By Gilmar Smith
Back at the end of 2011, when I started playing around with my camera, I fell in love with self-portraiture. When you're starting with photography, you always have this urge to photograph people. I became obsessed with photography really quickly, and my family became really annoyed with it. I got a set of strobes, turned my garage into a studio and was absorbing all there was to learn online about photography and lighting. But, I didn't have anybody to practice on, so I bought a nice remote and started taking self-portraits.
In the beginning, this was just a way to learn to light. It was awfully uncomfortable being in front of the camera, and honestly, sometimes it still is. But, self-portraiture allowed (and allows) me to experiment with my gear, learn a little bit posing, and most importantly, to ease myself out of the discomfort of being in front of the camera.
Soon after, I joined Self Portraiture group in Google+, and what first was an experiment, turned into my favorite thing to do: ‘Self Portrait Sundays,’ the weekly challenge I always looked forward to. I met lots of amazing people in that group that, with time, have become some of my best friends.
I have continued working on my photography, learning a little bit of everything. I gave long exposures a go; I worked with a Motorsport team for a while; I did concert photography, and even experimented with macro photography. I learned something different by trying all those photography genres, but I discovered that what sets my heart on fire is photographing people.
Back then, I was earning a few bucks here and there on assignments. Photography was mainly a hobby, and, at the same time, an emotional outlet. My life has been a little rocky in the last six years, to say the least, so I'm thankful I’ve had my camera by my side to help me ease my pain. At the end of 2015, after giving birth to my daughter, I found myself suffering from postpartum depression. I spent most of my pregnancy on bed-rest. Then, I had surgery right after giving birth to my daughter, making my recovery time even longer. To sum it up, I was on bed-rest for a little over six months.
As much as I adore my family and my two kids, I really needed to do something for me to find myself again. I grabbed my camera and made one of the craziest decisions I've ever made — I started a 365 Self Portrait Project. I had to plan my set up, lighting, shooting and editing between my daughter's feedings and diaper changes, picking up and taking my son to school, homework, and cooking. It was all chaotic, but I also found the "me" time I needed so much.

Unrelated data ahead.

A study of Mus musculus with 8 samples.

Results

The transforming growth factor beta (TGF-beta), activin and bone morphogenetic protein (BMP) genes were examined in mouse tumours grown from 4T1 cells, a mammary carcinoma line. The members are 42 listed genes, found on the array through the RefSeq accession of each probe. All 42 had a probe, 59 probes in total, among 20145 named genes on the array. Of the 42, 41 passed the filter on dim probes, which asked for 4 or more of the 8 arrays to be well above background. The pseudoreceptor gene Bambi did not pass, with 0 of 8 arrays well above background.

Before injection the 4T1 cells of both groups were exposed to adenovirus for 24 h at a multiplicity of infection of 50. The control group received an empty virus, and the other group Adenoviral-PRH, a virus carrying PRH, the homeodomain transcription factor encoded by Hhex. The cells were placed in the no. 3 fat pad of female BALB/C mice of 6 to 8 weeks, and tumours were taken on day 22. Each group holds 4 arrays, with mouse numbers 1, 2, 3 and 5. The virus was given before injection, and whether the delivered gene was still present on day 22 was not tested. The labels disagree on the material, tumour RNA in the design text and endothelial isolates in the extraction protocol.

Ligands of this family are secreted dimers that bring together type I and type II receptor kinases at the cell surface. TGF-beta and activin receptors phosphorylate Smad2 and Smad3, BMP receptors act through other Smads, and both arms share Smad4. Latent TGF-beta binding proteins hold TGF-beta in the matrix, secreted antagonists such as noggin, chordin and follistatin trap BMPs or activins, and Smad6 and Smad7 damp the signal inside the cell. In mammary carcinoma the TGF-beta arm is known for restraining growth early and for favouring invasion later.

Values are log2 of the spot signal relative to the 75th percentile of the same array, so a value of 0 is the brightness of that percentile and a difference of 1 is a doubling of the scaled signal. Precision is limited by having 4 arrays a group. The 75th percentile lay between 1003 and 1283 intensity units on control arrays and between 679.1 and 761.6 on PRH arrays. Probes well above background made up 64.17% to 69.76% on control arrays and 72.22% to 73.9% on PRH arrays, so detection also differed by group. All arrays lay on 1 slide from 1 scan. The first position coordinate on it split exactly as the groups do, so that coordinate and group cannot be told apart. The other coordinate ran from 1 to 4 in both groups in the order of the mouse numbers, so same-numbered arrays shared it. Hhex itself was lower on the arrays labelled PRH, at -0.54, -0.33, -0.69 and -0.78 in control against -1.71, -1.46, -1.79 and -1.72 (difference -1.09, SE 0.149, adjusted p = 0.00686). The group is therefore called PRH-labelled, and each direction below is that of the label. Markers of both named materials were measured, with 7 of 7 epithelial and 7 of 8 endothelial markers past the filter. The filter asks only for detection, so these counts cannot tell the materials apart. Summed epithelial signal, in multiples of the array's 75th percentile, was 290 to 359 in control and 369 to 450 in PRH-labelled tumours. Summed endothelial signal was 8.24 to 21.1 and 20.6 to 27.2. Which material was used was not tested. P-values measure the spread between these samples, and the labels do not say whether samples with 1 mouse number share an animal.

I enjoyed every second of it. I learned tons, every day, trying out different lighting techniques, shooting, and editing. That project, at the time, was the self-care I needed to develop my personal style. I still do lots of self-portraiture for fun, and even to test light setups or to try a new editing style. I think as creatives, we have to allow ourselves to play and to grow as artists. I don't have the studio garage anymore (I still miss that place), but I do have a little place in my living room that is always ready for pictures.
Here’s What You Need to Get Started with Self-Portraiture:
Remote: I use a Vello Wireless ShutterBoss Remote. I've had it for many years, and it works great.
Tethering cable: It's really up to you if you want to shoot tethered or not. I do it to make sure my images are coming out the way I want them and to double check that my focus, exposure and posing is on point. I have a cable from Tether Tools and a Tether Table Aero System that allows me to place my laptop close by, on top of my tripod.
Platypod Ultra: You're going to need your camera to be in a sturdy place. The Platypod Ultra, besides not taking up additional room in your camera bag or on set, keeps your camera safe. You can either use it on the floor for low-angle portraits, on tabletops or pretty much anywhere. For landscape photographers, it's a great idea to use a Platypod Ultra or Platypod Max to shoot self-portraits that will add a human element to a beautiful location, giving your image a sense of scale.
Challenge yourself to do something new with your craft regularly. Experiment. Limit yourself to shoot with just one lens, one tool, your Platypod. Limiting yourself to one tool will boost your creativity. Experiment with self-portraiture; when you learn to put yourself at ease in front of the camera, you will be able to use those techniques on your subjects, too. We learn the most from our experiences. And, most importantly, have fun!